Red Light, Green Light

This article was first published in the November 2021 issue of North American Whitetail magazine.

I think about it all year long so it seems like I’d be ready and raring to go when deer season opens, doesn’t it? But I was late again this year. My second job kept me out of the woods until the middle of October and I completely missed the archery opener. I was determined to be ready for Oklahoma’s black powder season, though, so the week before it opened, I conned my brother into helping me get set up. We hung a ladder stand and a trail camera on one property and staked down a ground blind on another, hanging a second camera on a fence line where I’d previously seen deer travel.

Opening morning found me trying to make out just what had happened to that ground blind. It was wrapped around a cedar tree and hanging on for dear life. I sat down in the dark and wondered what to do. Eventually, I figured out that I could unwrap my blind from the cedar, pick it and just set it on top of me. So I did. I opened the blind’s west facing window but things didn’t look right. After a minute or two of reorienting myself with the limited landmarks I had, I decided that I needed to be looking more northwest than due west. I opened that window just in time to see the red glow of my trail camera’s infrared flash.

Something was at my trail camera. The Opening Day optimist in me said it was a Boone and Crockett buck, but after a couple of deep breaths I reminded myself that it could just as easily be a raccoon. As the sun worked its way into the sky, though, I could just make out the body of a deer. I still had no idea if it was a buck or a doe, but it was definitely a deer. Every time I saw the infrared flash of my trail camera, I focused my binocular, trying to make out a rack in the dark. The deer finally lifted its head above the horizon and I caught a silhouette of antlers, tall and wide and glowing white. I started praying for shooting light.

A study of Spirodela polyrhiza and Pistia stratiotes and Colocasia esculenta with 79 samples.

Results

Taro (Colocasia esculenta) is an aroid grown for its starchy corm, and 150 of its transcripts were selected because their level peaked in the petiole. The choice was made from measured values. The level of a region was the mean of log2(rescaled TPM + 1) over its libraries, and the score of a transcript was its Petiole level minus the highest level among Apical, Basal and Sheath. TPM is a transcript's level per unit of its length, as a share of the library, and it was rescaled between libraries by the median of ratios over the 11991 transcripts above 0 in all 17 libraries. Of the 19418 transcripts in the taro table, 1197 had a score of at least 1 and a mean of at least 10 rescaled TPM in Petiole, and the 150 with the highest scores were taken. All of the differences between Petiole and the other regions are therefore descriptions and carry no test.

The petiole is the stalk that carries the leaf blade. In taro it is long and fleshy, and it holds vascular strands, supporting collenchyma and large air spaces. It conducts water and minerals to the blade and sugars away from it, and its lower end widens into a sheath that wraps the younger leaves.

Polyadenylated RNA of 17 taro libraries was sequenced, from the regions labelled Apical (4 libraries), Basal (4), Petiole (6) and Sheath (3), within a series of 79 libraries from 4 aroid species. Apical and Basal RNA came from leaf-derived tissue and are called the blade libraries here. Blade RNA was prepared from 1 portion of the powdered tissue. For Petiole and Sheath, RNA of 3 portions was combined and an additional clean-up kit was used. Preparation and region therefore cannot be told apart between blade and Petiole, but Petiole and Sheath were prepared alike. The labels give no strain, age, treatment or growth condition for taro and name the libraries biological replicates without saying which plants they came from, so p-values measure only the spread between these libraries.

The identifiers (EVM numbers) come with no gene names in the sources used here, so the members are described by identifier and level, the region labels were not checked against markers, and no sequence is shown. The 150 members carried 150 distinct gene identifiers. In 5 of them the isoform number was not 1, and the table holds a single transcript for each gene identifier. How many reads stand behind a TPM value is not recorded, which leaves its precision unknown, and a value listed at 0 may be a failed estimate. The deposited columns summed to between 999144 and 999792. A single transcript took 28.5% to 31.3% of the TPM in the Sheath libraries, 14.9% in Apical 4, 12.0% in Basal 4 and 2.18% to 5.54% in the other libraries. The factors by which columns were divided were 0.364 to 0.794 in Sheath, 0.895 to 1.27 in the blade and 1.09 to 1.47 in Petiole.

I don’t usually make a habit of checking legal shooting light times, but while waiting for my hunting buddy, JD, to pick me up that morning, I happened to look. I could legally pull the trigger on my muzzleloader at 7:12 AM. Not that I expected to, mind you, but I could. At 7:16 AM, I could see the buck at my trail camera well enough to see that he was getting antsy. He was quartering away hard when my trigger broke. The blind filled with smoke, and I had no clue which direction the buck ran.

I waited thirty minutes, as much to let the sun rise as to give the deer time to die, then slipped down to where the buck had been standing to look for blood. When I didn’t find any, I crawled back in my blind and contemplated my next move. Grid search? Blood dog? A text from JD made the decision for me. He was ready to track. I drove over to his stand to pick him up, and he did a double take as he climbed into the truck.

“Scope bit you, huh?”

I had no idea there was blood trickling down my nose but I wasn’t surprised. Trying to gather as much light as possible, I’d had to cheat way up on my scope when I shot.

I led JD to the spot where the deer had been standing, and he couldn’t find blood, either. I told him I’d felt good about the shot – it was only 81 yards when I ranged it – and I really didn’t think I’d missed so we started walking in the direction the buck was facing, looking for track or trail. Turned out, the deer hadn’t gone 50 yards. I knelt down beside him and ran my hands over his horns, then looked back in the direction of my blind. I was surprised to see it standing in plain sight. In fact, if I’d been looking through the blind’s west-facing window, the one I’d originally opened that morning, I could have watched my buck fall.